Colorado lawmakers have a decision to make: Ban single-use plastic bags and foam takeout containers from many restaurants and retailers, or keep the plastics as an option but have food service packaging distributors pay fees to boost state recycling efforts by $75 million in five years. Or do both at the same time.
The first bill is backed by environmentalists and is a longstanding priority for Democrats. The competition, introduced one week later, comes from the American Chemistry Council, which represents DuPont, ExxonMobil Chemical Company, 3M and other large producers of plastic products.
The proposals present alternate courses for Colorado, which has a recycling rate twice as badas the national average. Plastic regulation is a climate issue, as these products pollute air, soil and water sources, and emit greenhouse gases as they idle in landfills.
These dueling bills are also an example of the impact that lobbyists have in the statehouse.
“It is the plastic industry’s attempt to draw people away from the ‘reduce’ aspect of pollution prevention,” said Rep. Alex Valdez, a Denver Democrat and a lead sponsor of the ban bill. “They’re saying, ‘Hey, look over here.’ That’s all it is. Does it actually want to solve a problem? No, because their business is selling plastic, and our intention is reducing plastic going into landfills and into our bodies.”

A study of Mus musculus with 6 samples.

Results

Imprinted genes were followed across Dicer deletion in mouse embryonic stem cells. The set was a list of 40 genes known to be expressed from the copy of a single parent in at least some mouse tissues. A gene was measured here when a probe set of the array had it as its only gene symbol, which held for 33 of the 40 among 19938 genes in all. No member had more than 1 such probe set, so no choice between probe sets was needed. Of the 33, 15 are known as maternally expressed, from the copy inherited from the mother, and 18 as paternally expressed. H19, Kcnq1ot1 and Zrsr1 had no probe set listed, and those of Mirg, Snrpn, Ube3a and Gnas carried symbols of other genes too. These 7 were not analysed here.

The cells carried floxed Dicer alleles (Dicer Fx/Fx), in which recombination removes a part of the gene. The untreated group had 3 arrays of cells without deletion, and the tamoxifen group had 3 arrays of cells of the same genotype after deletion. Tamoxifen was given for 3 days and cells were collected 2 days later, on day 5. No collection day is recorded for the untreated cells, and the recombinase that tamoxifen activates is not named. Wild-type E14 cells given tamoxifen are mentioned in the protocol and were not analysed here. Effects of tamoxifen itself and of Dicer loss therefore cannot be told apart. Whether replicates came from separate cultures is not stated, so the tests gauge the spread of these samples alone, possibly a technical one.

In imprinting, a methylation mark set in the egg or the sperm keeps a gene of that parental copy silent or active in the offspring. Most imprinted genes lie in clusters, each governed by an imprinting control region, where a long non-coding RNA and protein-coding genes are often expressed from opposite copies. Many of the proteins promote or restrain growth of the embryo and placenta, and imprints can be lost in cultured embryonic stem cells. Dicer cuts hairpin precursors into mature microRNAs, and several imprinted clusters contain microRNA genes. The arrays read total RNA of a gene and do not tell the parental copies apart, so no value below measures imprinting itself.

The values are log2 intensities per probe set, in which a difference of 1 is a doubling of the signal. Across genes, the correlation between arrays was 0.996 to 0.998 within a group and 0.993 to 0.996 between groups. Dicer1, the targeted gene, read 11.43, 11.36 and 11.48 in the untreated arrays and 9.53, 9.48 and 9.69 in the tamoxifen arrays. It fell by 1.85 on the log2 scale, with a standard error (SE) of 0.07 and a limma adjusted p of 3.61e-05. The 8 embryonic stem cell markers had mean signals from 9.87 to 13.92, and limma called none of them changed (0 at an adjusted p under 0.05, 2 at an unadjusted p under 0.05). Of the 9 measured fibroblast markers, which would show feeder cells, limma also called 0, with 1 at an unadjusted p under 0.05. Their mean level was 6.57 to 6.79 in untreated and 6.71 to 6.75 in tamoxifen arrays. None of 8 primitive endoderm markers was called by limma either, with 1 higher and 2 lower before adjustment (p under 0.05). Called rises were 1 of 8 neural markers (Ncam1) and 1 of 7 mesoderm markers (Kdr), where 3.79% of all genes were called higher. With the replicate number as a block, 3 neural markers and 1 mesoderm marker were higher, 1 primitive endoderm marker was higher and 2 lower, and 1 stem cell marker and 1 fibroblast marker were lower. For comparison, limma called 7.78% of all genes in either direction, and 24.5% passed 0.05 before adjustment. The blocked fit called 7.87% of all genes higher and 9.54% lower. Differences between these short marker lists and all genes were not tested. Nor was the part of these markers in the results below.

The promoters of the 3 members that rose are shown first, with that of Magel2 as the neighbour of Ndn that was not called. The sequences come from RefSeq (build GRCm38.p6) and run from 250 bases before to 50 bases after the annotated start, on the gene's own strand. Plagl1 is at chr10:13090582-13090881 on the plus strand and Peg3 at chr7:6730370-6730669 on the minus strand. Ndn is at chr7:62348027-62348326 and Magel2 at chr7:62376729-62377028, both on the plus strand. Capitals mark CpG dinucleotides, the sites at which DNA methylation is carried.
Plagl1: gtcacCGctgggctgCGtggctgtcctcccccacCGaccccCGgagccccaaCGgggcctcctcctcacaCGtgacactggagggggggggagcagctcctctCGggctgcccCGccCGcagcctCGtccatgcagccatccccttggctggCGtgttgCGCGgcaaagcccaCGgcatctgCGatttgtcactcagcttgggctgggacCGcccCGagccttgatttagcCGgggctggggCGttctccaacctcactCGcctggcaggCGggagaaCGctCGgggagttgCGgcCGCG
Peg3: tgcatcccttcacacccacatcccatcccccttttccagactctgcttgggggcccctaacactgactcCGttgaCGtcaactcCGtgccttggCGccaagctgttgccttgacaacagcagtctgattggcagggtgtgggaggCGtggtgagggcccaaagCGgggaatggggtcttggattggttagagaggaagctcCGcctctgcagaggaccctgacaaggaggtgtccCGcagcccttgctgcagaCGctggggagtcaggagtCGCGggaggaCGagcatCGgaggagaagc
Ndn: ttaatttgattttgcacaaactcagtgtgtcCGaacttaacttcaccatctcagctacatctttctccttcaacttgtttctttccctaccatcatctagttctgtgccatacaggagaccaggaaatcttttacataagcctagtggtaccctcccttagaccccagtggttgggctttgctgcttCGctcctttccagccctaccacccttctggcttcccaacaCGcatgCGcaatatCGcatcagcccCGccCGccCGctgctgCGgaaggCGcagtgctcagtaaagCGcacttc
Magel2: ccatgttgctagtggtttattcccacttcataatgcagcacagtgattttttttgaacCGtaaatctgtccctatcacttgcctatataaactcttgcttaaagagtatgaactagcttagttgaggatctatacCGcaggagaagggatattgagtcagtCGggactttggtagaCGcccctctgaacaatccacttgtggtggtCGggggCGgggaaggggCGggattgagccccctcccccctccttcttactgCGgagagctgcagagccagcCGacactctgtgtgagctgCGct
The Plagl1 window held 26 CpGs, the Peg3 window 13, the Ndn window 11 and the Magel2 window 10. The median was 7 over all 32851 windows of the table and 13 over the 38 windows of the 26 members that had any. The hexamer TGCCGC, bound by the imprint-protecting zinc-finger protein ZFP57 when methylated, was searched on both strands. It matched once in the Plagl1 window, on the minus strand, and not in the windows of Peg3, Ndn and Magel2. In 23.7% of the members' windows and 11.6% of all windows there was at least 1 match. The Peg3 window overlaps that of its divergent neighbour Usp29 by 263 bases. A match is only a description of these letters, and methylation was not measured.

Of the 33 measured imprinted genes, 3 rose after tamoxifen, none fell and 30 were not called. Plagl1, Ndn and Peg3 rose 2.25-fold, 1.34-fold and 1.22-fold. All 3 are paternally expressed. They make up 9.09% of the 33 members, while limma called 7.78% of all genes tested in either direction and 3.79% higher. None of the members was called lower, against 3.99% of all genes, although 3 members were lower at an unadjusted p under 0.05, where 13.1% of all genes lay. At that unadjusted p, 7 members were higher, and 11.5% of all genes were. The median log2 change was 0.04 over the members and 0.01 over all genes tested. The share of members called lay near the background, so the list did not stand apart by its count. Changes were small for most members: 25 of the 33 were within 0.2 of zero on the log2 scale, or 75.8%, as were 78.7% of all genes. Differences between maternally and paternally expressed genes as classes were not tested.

But Valdez’s co-sponsor, Sen. Julie Gonzales, thinks that view is short-sighted. Though she also believes that the alternative bill amounts to an interference campaign, she said the legislature should take the industry up on putting more money into the plastics problem — even if plastics recycling is a fraught topic, considering China recently stopped taking tons of U.S. plastics to be recycled.
“I think it’s ridiculous that there are policymakers in this building who think that we shouldn’t be able to walk and chew gum at the same time,” the Denver Democrat said. “They’re both good bills, they both should pass and be signed into law.”
“Maybe I was being naive”
The Democratic majority of the Colorado Legislature seems to be in general agreement about the harmful nature of products like single-use plastic bags and polystyrene food containers. These products are difficult and costly to recycle, and the measure to ban the products follows a similar but stalled effort in 2020.
Plastics industry representatives argue bans are ineffective because whatever is prohibited is often replaced by something equally expensive or difficult to recycle.